Feb 10, 2012 | 1089 views | 0 0 comments | 4 4 recommendations | email to a friend | print
The opinions stated in this article are solely those of the author and not of The Davis Clipper.

When Bob Dylan first broke away An obituary for a 68-year-old woman noted that she donated her body to BODY WORLDS, the anatomical exhibition displaying authentic human and animal bodies. “She hopes to one day be displayed with the elephants.”

Obituaries. I make no apology for reading them. They are a landscape of a person’s life, revealing the myriad of joys and the rumble-tumble of every day experiences. In life, some choices are forced upon us. In our obituary, we – or our children – have the right to sift through and choose a testimony of what we thought was important.

Take last Sunday’s obituaries…

A musician claimed he had “the tune of his life” playing with such greats as Ernest Tubb and Willie Nelson; a man (a newspaper publisher) wanted to be known as having been “born, lived, worked and died in Midvale;” and during her final days, one lady “organized her care schedule and served champagne to her caregivers while eating carrot cake and dispensing wisdom along with the Prayer of St. Francis.

We find that Earlene was a fierce poker player, that Harvey prohibits you from wearing black clothing at his funeral, that Ronald lived long enough to see his first grandchild born four days before he died, that Freddy Ann was partially responsible for the preservation of a historic highway in California.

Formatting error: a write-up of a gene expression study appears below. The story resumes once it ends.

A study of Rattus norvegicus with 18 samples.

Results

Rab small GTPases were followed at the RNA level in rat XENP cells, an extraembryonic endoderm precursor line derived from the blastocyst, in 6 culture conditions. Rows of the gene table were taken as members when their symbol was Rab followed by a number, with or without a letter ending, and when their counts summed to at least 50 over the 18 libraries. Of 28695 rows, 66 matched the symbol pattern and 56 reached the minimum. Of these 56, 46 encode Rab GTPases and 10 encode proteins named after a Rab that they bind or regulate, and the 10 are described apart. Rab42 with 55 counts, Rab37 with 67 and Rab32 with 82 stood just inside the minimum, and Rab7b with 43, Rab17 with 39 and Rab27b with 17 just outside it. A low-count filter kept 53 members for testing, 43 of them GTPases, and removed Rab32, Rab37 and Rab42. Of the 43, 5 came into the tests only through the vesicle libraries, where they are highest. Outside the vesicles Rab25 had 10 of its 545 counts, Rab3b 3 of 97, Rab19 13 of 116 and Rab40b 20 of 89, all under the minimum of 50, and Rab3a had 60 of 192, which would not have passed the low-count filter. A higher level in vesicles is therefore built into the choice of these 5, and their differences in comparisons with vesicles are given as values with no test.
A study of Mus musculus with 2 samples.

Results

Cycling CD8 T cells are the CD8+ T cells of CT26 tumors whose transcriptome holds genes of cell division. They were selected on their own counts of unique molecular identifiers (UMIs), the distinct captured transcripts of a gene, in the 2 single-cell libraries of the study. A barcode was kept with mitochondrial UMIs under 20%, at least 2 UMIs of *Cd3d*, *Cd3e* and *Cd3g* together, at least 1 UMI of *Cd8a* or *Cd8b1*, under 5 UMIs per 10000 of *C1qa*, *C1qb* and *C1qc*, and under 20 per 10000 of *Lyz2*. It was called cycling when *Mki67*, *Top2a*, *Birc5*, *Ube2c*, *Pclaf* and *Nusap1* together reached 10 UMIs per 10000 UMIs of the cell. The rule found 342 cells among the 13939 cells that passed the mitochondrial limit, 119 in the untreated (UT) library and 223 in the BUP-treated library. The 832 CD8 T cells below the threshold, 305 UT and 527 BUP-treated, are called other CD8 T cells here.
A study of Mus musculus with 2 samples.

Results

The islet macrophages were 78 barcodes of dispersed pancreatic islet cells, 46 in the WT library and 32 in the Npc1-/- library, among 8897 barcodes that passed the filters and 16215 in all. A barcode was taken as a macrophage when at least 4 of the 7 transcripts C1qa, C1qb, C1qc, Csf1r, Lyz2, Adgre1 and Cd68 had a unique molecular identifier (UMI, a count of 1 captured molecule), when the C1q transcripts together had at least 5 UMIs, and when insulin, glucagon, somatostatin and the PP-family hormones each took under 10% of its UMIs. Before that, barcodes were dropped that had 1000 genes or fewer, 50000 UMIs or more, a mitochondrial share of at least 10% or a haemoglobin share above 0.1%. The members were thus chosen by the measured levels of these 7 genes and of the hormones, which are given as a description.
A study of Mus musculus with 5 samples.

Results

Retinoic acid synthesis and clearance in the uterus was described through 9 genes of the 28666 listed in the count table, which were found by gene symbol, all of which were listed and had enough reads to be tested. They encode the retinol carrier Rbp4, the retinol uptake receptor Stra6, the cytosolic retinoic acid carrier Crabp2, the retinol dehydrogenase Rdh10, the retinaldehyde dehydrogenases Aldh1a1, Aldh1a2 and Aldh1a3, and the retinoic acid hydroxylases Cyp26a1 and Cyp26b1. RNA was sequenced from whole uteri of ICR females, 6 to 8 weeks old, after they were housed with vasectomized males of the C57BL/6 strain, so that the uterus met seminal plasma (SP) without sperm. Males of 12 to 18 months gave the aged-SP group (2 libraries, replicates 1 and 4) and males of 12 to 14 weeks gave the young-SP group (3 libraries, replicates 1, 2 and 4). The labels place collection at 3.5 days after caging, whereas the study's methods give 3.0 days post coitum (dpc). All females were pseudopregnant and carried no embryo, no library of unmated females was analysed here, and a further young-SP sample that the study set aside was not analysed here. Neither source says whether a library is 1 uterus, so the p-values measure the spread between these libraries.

Obituaries highlight accomplishments. One lady founded a church and the Salt Lake-based Children’s Center, a pre-school for children struggling with emotional issues. Another woman visited every continent with the exception of Antarctica. Another learned to read and write in 12 languages in her search for the origin of the alphabet.

Obituaries present a close-up of the personal. One lady mentioned she counted LDS Church Presidents Gordon B. Hinckley and Thomas Monson as her close friends. One man is remembered for “watching for the bogeyman while his little girls fell asleep.” Another man, the son of an auto dealer, “saw a striking brunette, tried to impress her with his new convertible” but temporarily failed since she “had been trained by her aunts not to talk to strangers.”

Through the obituaries we learn that Carol was proud of her golf plaque signifying membership on “the Worst Team of the Year.” We learn that Christine gleefully attended Earth, Wind, and Fire concerts throughout the West. William lived to be 94, but without his obituary, many would not know that he ran a 4-minute mile as a college track star.

Lives spring anew like lilacs in springtime. Donations are suggested: from an LDS missionary fund to Planned Parenthood to the Best Friends Animal Shelter. And obituaries provide a public way of saying goodbye. (“Marion will live on in every dance, every song, every painting, and every laugh.”)

The obituary page chronicles lives well-lived and hearts well-loved. The facts and dates can be cold and stiff, but a mention of a father reading Nancy Drew mysteries to his daughters…That gives you true portrait of a man, his life, and the intense, private pleasures of the human condition.